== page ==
As the person responsible for sourcing a new CRM system, you’ve done your research, found the solution that best fits your business needs, and made the initial investment. You’ve worked diligently alongside your client director to personalize the database to your exact specifications. Launch is imminent – you’re excited to see results! Your sales team? Not so much.
CRM adoption has gotten a bad rep. It conjures images of an evil manager pushing mundane data-entry down the throats of his sales team. The sales team rolls their eyes because their time could be better spent, well, selling.
The CRMs systems of today are different. Instead of just being a way for managers to keep tabs on their teams, CRM is now a tool that mainly benefits the sales team – and helps them sell.
How do you get salespeople onboard and comfortable with the idea of using a new CRM tool? We have a few suggestions:
#1: Get the buy-in.
Treat your sales team like a prospective buyer – your job is to close the deal! Get the team together, buy them breakfast, and explain why you’ve selected a new CRM system, ask for their feedback, and take their comments and questions into consideration.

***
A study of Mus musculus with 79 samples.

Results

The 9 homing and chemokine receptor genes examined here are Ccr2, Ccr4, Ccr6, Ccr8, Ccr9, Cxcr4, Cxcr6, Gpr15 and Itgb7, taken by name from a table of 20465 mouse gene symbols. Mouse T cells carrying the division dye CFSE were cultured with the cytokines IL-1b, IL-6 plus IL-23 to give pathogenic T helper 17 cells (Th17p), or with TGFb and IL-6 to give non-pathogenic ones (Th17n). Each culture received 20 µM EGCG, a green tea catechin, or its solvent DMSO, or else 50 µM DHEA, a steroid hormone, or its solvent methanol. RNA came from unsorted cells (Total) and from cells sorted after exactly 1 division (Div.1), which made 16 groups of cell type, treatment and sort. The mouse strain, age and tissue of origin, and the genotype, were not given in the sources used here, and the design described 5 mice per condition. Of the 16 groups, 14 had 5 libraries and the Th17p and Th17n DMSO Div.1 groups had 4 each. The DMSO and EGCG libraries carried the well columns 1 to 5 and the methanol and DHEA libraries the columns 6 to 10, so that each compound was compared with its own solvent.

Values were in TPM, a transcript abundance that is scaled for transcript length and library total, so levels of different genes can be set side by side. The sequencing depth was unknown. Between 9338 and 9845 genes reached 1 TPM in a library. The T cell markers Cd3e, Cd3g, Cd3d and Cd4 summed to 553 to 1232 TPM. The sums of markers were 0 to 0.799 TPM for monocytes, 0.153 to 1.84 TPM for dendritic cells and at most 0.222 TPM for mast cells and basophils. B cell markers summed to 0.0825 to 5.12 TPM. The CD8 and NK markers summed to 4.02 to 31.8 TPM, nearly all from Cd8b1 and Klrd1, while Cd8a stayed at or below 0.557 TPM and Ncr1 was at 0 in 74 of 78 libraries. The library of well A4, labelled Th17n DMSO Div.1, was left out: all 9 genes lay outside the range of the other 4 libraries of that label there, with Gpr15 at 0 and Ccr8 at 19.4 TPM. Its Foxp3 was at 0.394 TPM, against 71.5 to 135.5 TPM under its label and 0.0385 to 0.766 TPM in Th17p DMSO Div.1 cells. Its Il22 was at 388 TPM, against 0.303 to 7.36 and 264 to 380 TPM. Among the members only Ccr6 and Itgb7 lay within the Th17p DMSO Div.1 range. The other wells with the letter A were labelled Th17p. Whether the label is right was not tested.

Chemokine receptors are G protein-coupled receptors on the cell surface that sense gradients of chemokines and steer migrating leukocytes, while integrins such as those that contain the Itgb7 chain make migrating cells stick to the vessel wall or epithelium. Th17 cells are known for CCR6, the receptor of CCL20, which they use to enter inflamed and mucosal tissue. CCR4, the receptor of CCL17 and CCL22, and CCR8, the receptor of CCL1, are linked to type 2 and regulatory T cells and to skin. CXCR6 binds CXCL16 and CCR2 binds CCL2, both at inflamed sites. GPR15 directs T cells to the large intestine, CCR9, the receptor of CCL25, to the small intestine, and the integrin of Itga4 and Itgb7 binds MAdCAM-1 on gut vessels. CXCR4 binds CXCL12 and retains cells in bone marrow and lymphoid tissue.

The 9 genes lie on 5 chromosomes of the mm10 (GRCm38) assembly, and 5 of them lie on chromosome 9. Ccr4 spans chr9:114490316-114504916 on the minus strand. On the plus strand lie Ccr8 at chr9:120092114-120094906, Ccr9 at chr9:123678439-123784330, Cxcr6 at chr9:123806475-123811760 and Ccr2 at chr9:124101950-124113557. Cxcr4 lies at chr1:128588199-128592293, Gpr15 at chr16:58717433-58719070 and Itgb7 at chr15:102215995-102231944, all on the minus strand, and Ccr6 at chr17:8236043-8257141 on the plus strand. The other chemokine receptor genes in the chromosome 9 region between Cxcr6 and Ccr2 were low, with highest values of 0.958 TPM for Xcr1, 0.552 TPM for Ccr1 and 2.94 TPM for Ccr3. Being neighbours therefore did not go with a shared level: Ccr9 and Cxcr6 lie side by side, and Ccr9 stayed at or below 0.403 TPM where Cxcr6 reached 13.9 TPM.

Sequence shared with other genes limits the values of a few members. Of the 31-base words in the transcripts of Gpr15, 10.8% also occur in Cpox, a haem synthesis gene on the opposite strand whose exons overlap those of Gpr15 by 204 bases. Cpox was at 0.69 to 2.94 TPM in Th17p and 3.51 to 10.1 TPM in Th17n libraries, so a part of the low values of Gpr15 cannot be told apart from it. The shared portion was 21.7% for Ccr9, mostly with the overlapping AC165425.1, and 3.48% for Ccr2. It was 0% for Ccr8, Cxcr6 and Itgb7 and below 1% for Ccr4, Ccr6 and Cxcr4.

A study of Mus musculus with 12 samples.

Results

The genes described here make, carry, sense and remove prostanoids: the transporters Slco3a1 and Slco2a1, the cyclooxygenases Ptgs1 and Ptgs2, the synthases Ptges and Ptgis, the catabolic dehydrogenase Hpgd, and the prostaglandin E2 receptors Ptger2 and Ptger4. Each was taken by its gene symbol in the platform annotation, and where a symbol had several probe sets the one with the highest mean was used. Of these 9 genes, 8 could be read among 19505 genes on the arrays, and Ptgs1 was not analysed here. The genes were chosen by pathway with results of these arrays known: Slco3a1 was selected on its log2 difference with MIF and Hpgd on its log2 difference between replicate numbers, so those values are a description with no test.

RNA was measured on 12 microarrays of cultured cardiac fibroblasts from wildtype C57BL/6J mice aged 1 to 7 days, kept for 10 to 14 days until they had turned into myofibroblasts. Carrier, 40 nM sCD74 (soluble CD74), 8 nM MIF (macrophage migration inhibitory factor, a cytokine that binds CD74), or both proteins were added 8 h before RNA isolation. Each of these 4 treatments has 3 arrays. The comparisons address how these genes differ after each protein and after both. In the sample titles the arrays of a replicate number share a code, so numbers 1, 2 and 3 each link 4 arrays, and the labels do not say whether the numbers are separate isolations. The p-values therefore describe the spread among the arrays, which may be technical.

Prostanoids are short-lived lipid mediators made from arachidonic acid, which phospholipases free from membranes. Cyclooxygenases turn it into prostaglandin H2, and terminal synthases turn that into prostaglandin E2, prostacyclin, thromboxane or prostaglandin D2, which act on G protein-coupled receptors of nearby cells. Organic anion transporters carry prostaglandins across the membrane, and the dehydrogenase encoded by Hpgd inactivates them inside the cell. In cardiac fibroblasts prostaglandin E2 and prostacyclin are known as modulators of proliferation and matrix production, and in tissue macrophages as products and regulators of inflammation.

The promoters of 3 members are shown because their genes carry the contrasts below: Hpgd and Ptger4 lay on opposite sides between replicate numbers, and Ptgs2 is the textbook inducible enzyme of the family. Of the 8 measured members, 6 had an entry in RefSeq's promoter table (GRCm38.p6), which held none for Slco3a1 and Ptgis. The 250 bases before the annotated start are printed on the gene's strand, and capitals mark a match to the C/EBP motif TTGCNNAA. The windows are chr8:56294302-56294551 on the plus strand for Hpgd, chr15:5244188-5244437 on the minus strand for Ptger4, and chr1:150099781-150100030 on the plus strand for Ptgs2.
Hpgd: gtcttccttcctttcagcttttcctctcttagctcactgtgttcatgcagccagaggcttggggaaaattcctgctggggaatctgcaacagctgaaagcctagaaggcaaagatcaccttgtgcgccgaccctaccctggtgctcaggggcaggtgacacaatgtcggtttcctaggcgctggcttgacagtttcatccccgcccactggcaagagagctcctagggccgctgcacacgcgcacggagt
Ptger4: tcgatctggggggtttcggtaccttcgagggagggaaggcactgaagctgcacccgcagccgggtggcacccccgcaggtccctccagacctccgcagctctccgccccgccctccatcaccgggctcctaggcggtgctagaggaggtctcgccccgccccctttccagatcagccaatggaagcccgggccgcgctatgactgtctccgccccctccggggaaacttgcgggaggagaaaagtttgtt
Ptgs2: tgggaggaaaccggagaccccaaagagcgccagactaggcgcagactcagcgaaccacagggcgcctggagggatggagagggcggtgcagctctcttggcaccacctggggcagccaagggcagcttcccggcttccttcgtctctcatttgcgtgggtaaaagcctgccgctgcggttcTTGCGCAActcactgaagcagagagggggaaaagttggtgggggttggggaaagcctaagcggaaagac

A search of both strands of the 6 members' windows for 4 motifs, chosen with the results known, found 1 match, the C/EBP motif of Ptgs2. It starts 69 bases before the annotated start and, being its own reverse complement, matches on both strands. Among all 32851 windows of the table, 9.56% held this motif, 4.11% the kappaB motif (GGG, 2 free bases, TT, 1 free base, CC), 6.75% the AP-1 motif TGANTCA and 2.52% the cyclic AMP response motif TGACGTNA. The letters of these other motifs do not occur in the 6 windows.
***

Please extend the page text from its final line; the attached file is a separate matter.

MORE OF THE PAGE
#2: Demonstrate the benefits.
It’s proven that homebuilders with a CRM system follow up with leads more quickly and effectively, resulting in higher conversion rations and more sales. (See the 2014 Online Lead Follow-Up Survey.) Create a flyer with this type of information and give it to your sales team during the initial CRM meeting. Remember, you are selling to your own team!
#3: Train, train, train.
You’ve invested in a new CRM system; now invest in your team. The magic of CRM doesn’t happen unless every single salesperson is using it the way they should. Remember, “Garbage in, garbage out.” Check out Lasso’s training options here.
#4: Be flexible.
Once your team is using the system, check in with them regularly. Ask what’s working, what isn’t, what can be improved upon, what isn’t needed. Remember, this is a tool to make their jobs easier (more so than yours!) so that they sell more homes. Be open to their suggestions.
#5: Encourage the use of technology.
Many CRMs are built responsively. Lasso, for example, can be accessed on any device – desktop, laptop, tablet or phone – and the user experience is seamless. If it’s easier for a salesperson to take their tablet along on a presentation and record information, encourage it. Many builders and developers are even going paperless, getting rid of antiquated registration cards. The world is online – sales agents should be, too!